State Farm Insurance: The Social Media Balancing Act — Live from BlogWell

4:32 — Kurt Vanderah introduces State Farm Insurance’s Director of Communication, Kelly Thul.

4:34 — Kelly: State Farm does stuff with social media.

4:35 — Kelly: We’re pleased with our positioning, but we also know who we are.

4:36 — Kelly says State Farm’s early entry into external blogging was sponsoring “The 50 Million Pound Blog.” They wanted to get more into social media, and this was a good way to get into it. It didn’t address their core business and it was an easy cause to get people behind.

4:37 — Kelly: By 2008 State Farm was getting into YouTube, putting out their ads, loss mitigation, and job information.

4:38 — Kelly: We don’t anticipate people waking up looking to visit State Farms YouTube channel.

4:40 — Kelly: We’re seeing steady growth and engagement on Facebook.

4:41 — Kelly says take the negative issue and turn it around to a positive. The risk is that you have now provided a hook for the people that only want to beat on you and not resolve the issue.

4:42 — Kelly: You need to make sure your leadership understands the risks involved in social media.

4:43 — Kelly: You need to have a conversation with your leadership to decide how you would react to negative questions or issues in social media.

4:44 — Kelly says if you are going to have social sites, you need to work with legal to decide on what your community guidelines will be. They spread those community guidelines across all our social sites.

4:45 — Kelly: You must understand the risk of not participating.

4:46 — Kelly: You must provide clear guidelines about personal versus professional. Your employees need to know that when they mix the two, they must know what is expected of them.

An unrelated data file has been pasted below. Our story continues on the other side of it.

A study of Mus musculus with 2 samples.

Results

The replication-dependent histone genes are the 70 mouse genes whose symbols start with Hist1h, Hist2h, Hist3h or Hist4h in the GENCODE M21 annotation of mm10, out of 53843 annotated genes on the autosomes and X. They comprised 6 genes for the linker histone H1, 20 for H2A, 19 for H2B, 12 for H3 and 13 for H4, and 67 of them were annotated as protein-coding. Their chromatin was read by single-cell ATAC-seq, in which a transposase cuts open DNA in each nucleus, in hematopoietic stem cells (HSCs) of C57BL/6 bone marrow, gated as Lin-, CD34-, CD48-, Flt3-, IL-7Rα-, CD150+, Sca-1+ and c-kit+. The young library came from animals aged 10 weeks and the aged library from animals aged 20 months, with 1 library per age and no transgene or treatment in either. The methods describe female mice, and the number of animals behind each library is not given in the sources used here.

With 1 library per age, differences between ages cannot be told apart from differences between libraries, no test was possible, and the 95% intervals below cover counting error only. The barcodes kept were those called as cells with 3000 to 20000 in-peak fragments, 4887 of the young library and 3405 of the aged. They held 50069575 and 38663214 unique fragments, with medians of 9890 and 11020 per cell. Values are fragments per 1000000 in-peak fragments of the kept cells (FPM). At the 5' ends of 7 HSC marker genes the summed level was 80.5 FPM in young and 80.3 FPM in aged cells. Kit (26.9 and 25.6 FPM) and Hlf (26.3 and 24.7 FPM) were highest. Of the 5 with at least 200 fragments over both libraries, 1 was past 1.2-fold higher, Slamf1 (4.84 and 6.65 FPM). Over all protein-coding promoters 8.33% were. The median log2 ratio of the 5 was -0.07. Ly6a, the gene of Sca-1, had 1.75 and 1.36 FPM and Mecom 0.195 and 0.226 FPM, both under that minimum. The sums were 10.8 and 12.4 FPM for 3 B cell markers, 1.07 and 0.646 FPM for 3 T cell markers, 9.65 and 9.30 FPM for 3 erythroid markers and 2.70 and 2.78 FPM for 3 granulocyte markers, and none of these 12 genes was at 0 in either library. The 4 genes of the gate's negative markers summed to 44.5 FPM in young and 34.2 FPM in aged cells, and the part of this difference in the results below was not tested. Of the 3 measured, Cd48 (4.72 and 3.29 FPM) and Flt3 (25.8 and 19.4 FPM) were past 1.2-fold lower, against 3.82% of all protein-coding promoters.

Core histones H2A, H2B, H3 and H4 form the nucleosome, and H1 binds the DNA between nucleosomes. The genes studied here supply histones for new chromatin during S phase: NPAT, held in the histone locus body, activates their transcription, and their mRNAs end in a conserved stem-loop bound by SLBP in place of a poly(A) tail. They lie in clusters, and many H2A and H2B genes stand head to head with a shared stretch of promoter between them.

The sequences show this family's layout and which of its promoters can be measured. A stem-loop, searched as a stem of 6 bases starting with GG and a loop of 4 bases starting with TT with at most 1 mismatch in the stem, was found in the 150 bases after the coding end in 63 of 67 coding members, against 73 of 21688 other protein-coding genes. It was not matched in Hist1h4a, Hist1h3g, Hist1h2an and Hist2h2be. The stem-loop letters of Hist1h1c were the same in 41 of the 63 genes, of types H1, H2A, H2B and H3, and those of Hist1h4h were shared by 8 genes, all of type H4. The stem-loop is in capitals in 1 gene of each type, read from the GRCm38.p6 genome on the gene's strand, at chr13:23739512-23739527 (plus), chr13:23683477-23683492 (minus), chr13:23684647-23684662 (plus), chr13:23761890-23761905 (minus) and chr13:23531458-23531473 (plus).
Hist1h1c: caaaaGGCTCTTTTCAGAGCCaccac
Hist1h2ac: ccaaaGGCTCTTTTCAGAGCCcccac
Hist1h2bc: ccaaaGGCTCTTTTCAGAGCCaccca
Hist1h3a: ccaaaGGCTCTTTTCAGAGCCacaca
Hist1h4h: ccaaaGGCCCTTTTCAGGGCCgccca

4:47 — Kelly: The key audience to think about in your organization is your first line of management. Think about your company’s first line of management and how comfortable they are with the [social] space.

4:48 — Kelly: Leverage existing policies and remind employeess that they still apply. We didn’t rewrite the existing policy and heavily linked to them when we could.

4:49 — Kelly says you need to make employees understand that the external and internal social space are similar, but they aren’t the same. There is a place for internal discussions, but that’s not on Facebook.


Q: How do you leverage social media with your local agents?

A: Kelly: State Farm has 17,000 independent agents. Social is about relationships and not about technologies. Social is a way for them to extend what they already have into a new medium. Due to regulations, we need to make sure they are fulling informed before we can go all the way in.

Q: What do you do with the negative commenters on your social sites?

A: Kelly: We start with our community guidelines. The ones that aren’t violating the guidelines are a little more difficult. For each channel we have a channel manager that monitors every comment that is made. If personal information is being shared we try to move the conversation offline as quickly as possible to protect their privacy. For other issues we’ll engage with our public affairs, customer service, etc. In this space, often if you let the negative come through, your customers will come to your defense.

Q: If you do pull a person off your social site, do you find people will find another place to attack?

A: Kelly: Sometimes you get people really out to get you. However, if you’re playing fair it’s usually not a big issue.

Q: How do you address the really engaged, angry person that has a policy issue?

A: Kelly: Social media is really not a policy issue and cannot be resolved in public. Insurance companies must track all the policy disagreements that do occur. These issues happened before there was social, of course.

Q: How are your training your front line managers in the social media space?

A: Kelly: Make the managers understand that people might be coming to them with questions and providing them the channels to get those questions properly answered.